This artist is creating a “belligerent algorithm” to expose AI bias

January 07, 2021


This artist is creating a “belligerent algorithm” to expose AI bias


The algorithms underpinning artificial intelligence (AI) systems have increasingly been shown to reflect the biases of their designers. Artist and game maker A.M. Darke is creating a system based on their own prejudices to highlight the problem of AI bias, calling for programmers to be held accountable for algorithms that govern everything from credit ratings to criminal convictions.

The art project has been commissioned by the Open Data Institute (ODI), which has made Darke its research and development artist-in-residence. Darke is writing an algorithm that is overtly biased against the demographic predominantly designing the algorithms influencing our lives: white men. The ongoing project seeks to flip the usual narrative, in which the inherent biases of this demographic are unwittingly reflected in the AI systems they build.

Such algorithms have led to real-world consequences for marginalised groups. In January this year, an African American man was wrongfully arrested after a facial recognition system falsely matched his photo with security footage of a shoplifter. In 2018, Amazon ditched a recruitment algorithm that discriminated against women because it was trained on datasets of CVs predominantly submitted by men.

“I’m often trying to bridge the gap between how a dominant culture views black culture and make this connection and use that to interrogate a certain kind of politics of oppression,” Darke said, speaking at the ODI’s recent Data Futures event. “I think with this commission it was different because I was talking to people who already were aware of the problems.”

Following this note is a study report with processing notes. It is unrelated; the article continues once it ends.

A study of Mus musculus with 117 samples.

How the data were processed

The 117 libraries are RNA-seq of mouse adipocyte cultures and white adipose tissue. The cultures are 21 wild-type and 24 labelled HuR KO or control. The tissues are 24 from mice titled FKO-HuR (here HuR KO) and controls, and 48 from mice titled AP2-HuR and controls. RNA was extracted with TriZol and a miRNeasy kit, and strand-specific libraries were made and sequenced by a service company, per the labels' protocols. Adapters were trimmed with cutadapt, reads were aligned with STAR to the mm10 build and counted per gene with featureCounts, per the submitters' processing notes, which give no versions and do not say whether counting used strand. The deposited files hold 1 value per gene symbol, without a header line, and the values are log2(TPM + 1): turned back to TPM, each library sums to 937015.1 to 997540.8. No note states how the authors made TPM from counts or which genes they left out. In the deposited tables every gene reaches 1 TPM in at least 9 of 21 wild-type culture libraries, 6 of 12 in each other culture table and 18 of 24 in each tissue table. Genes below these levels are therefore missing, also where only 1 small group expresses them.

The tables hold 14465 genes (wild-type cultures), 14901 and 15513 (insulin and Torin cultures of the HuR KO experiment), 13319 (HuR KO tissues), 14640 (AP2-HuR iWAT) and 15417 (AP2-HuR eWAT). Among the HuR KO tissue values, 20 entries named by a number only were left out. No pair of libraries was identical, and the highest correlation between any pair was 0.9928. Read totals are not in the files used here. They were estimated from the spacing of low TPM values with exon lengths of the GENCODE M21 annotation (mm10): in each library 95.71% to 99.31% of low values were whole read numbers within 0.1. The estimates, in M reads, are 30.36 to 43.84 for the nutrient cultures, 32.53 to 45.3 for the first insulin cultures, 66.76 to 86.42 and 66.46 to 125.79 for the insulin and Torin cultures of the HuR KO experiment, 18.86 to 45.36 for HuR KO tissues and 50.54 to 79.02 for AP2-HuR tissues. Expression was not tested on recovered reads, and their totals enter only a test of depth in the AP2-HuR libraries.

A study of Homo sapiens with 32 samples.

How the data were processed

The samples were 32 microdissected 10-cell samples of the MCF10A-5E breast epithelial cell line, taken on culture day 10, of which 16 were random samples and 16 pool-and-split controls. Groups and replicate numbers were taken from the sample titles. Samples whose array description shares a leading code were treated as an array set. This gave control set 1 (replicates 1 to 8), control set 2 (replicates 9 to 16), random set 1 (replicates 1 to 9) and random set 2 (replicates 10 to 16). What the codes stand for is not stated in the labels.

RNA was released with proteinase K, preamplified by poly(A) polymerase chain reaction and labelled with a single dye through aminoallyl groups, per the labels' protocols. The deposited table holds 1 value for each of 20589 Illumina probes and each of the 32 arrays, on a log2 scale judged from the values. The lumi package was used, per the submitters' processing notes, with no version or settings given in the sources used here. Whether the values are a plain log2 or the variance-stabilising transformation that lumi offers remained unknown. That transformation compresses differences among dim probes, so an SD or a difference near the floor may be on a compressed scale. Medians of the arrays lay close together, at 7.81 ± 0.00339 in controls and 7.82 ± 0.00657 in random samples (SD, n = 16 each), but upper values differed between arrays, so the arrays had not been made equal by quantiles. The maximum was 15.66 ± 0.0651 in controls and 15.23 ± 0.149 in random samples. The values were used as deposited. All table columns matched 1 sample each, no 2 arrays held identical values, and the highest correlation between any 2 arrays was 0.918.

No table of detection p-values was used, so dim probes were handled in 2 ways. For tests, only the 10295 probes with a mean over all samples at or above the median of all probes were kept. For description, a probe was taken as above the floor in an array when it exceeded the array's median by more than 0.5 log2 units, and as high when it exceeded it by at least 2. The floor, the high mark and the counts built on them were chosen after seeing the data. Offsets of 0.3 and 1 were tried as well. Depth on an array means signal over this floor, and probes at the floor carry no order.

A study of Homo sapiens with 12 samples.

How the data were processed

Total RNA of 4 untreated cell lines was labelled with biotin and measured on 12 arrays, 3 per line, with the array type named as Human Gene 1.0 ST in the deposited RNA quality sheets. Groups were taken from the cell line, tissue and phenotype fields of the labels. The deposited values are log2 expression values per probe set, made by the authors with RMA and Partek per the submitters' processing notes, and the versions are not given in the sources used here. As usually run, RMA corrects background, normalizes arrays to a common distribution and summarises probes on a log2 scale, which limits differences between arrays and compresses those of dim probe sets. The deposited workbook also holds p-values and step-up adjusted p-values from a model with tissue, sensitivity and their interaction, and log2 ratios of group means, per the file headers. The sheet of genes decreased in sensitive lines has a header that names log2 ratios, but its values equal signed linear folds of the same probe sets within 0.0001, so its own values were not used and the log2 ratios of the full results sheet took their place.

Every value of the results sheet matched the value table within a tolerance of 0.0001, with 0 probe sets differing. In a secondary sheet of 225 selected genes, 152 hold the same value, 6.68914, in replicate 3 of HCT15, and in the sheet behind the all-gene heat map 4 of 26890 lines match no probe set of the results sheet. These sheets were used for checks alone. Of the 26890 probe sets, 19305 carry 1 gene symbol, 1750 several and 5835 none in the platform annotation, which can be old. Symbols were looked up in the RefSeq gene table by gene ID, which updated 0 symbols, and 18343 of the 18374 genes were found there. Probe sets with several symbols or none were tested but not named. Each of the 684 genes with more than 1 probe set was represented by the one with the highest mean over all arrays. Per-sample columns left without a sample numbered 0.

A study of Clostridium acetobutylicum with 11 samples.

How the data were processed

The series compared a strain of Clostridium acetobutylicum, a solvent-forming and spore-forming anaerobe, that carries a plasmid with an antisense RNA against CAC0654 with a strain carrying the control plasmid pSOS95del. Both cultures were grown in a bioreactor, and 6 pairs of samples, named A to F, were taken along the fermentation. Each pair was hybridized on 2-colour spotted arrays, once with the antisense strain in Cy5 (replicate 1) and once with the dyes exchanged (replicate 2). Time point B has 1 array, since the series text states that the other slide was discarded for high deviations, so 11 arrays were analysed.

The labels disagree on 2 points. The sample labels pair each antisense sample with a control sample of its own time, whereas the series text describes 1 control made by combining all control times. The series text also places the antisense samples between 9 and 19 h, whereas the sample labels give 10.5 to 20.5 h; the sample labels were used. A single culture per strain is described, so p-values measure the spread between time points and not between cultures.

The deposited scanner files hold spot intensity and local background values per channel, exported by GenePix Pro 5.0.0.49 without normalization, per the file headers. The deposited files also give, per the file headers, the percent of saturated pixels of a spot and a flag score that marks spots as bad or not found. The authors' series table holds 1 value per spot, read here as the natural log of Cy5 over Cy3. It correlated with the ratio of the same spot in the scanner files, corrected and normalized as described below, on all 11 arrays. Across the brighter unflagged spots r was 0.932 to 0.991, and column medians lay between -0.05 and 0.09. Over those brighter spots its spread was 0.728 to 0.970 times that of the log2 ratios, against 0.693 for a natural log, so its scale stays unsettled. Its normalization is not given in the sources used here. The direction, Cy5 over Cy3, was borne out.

Darke aims to use their art to get the audience to feel complicit and responsible in the hope they are spurred to take action. Instead of focusing on who is harmed by how we use data and over-rely on algorithms, they wanted to highlight the people who were part of building the oppressive systems and structures that lead to AI bias.

“In my work, I try to avoid taking marginalised experiences and then serving them on a platter for a more privileged audience,” said Darke, who is assistant professor of digital arts and new media, and critical race and ethnic studies at UC Santa Cruz.

“We tend to feel a certain amount of guilt and then we feel good about ourselves for feeling bad and then we don’t do anything. So highlighting people who are building these systems in a ‘just following orders’ way, not necessarily these large tech icons, who we think of is all-powerful, but the engineers and people working in content moderation, people working on policy just like everyday people who are building these structures that are deeply harmful.”